Collaborative Forest Landscape Restoration Program Success Story
Southwestern Crown of the Continent – Aquatic Invasive Species
The Southwestern Crown Collaborative (SWCC) is tackling a lesser known threat to ecosystem health: aquatic invasive species. Aquatic invasive species are not native to an eco-system and can have devastating effects on native species, sometimes out-competing them for food and habitat. They can also change the aesthetics and character of a lake. Eurasian water milfoil, for example, grows so thick on shallow lake bottoms that it can make swimming nearly impossible. Zebra mussels often leave behind a blanket of razor-like shells along water edges.
The Seeley Lake and Swan Lake Ranger Districts are using Collaborative Forest Landscape Restoration funds to leverage private and other agency funds to implement two critical tools for confronting the threat of aquatic invasive species. One is an aquatic invasive species check station at a critical crossroad, Clearwater Junction, operated by Montana Department of Fish, Wildlife and Parks where watercraft are inspected for aquatic invasive species. The station began operating in 2011 and is again in operation in 2012.
This check station is a critical link in preventing the introductions of harmful aquatic invasive species in the Southwestern Crown. Once they get established in a lake or other waterway, the costs to eliminate or reduce aquatic invasive species become much higher, and the impacts to fisheries and aquatic habitat have already begun.
Local resident Joann Wallenburn is on the front lines of aquatic invasive species education and prevention as a Clearwater Resource Council (CRC) volunteer. She retired from the University of Montana’s Flathead Lake Biological Station in 2010 and is now using Collaborative Forest Landscape Restoration funds for the ongoing Clearwater Resource Council campaign to educate lake cabin owners and boaters about the simple steps they need to take to prevent aquatic invasive species.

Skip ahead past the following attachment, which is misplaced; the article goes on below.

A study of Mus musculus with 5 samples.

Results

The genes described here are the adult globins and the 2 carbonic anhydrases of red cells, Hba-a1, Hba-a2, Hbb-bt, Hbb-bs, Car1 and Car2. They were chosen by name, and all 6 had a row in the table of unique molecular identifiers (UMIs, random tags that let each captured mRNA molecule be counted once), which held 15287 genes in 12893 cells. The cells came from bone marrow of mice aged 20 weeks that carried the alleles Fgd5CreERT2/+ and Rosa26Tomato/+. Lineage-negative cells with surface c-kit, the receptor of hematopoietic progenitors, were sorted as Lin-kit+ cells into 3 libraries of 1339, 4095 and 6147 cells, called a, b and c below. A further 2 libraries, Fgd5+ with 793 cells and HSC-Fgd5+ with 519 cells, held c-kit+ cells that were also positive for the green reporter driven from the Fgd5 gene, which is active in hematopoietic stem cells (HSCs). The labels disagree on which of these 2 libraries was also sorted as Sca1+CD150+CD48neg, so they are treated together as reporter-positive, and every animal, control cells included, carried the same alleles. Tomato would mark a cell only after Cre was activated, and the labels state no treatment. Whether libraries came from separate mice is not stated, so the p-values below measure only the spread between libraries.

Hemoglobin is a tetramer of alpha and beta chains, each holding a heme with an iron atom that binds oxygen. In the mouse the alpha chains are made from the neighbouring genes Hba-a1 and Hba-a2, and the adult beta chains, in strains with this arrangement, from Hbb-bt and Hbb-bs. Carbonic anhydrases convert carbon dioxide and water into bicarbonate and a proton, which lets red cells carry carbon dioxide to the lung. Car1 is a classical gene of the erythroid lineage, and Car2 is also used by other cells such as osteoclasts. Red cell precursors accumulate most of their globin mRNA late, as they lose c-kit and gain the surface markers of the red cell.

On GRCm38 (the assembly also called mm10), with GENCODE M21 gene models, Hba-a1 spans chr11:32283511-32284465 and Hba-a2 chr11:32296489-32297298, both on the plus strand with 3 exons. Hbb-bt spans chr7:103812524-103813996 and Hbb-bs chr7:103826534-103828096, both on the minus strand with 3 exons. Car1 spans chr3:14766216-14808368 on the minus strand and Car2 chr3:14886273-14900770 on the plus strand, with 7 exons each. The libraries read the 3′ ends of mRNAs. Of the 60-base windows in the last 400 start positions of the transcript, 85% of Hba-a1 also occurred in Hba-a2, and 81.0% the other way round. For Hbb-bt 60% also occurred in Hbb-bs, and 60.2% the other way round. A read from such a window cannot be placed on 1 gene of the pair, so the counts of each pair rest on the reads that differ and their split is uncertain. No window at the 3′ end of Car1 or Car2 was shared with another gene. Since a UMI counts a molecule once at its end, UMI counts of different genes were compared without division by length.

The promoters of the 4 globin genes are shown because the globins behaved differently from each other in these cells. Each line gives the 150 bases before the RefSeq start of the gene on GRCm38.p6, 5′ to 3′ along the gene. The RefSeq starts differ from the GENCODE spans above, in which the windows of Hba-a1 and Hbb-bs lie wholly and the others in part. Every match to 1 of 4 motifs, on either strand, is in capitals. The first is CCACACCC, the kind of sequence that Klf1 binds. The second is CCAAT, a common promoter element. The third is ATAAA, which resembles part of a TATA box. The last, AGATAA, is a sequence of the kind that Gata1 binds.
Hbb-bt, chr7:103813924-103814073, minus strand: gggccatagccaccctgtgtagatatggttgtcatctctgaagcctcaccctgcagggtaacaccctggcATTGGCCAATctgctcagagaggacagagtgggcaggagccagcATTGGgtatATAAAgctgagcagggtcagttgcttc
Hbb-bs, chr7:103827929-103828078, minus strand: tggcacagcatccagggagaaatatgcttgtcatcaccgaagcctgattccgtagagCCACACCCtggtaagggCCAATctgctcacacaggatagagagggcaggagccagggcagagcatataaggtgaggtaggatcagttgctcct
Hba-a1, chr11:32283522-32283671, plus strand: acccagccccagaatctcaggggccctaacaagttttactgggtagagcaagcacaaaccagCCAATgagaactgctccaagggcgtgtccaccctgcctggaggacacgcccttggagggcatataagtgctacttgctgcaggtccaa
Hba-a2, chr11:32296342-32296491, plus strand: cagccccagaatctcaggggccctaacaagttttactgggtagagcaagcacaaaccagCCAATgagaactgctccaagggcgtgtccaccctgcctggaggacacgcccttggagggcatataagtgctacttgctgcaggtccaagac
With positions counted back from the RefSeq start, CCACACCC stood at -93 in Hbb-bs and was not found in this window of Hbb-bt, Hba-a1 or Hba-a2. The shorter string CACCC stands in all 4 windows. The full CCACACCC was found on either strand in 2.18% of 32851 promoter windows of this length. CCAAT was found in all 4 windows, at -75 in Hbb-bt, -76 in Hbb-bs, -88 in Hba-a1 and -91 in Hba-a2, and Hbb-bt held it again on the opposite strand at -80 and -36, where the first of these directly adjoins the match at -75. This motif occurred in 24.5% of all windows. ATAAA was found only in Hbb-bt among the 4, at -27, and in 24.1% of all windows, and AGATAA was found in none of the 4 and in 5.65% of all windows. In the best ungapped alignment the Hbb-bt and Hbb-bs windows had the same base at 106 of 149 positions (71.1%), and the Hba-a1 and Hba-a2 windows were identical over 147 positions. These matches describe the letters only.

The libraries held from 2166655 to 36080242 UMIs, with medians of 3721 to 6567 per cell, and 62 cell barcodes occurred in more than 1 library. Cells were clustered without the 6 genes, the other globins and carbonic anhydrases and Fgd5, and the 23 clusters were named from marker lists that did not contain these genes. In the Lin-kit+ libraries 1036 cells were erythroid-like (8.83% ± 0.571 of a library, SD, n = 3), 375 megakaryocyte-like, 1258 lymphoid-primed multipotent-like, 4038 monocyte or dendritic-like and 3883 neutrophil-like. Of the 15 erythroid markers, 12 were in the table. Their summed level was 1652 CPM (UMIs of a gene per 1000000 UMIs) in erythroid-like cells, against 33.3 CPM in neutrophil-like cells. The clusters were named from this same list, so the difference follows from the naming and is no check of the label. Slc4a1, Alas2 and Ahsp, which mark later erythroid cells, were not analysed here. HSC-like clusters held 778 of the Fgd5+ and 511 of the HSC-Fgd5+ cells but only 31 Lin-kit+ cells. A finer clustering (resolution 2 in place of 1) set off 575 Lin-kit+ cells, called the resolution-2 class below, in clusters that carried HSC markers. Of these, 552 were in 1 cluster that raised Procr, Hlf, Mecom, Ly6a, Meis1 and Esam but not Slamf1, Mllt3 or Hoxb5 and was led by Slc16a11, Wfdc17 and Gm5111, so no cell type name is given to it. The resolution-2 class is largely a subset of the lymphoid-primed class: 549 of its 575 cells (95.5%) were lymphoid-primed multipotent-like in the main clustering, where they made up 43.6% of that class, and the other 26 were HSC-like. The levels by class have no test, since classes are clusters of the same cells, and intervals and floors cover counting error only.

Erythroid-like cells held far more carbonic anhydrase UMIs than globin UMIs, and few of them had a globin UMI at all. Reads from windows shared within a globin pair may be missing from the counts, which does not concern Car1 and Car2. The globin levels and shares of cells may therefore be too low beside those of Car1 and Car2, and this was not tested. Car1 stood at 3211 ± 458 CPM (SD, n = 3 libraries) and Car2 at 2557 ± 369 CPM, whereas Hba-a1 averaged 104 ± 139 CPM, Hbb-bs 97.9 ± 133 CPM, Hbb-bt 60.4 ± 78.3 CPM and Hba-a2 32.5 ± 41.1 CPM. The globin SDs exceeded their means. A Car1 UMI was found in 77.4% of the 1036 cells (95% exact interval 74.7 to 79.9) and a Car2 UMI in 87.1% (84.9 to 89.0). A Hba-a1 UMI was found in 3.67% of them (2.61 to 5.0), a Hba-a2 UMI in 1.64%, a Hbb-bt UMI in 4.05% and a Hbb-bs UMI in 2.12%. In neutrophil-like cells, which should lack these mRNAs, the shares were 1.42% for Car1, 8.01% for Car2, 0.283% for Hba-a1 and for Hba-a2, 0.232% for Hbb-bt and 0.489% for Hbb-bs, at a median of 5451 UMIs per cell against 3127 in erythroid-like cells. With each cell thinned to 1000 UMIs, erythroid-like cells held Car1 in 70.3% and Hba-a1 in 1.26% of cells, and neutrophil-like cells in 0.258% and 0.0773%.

“The aquatic invasive species threat was virtually unknown to the general public just a couple years ago,” Wallenburn said. “But today, everything is jelling. We’ve now held education and outreach at all of the lakeshore homeowners associations.” She noted that several homeowners have also volunteered to check for the presence of zebra mussels using PVC pipe. The pipe is attached to a rope and lowered into the lake off their docks. With a little training, volunteers are able to readily identify the initial stages of a zebra mussel on the plastic pipe. She also pointed out that other Clearwater Resource Council volunteers are involved in helping “spread the word, not the weed” and monitoring for aquatic invasive species. The teams of volunteers who regularly visit the lakes to test water quality were also trained to keep an eye out for aquatic invasive species in the lakes and at the boat launches.
Please direct any questions to Lauren Marshall (email@example.com).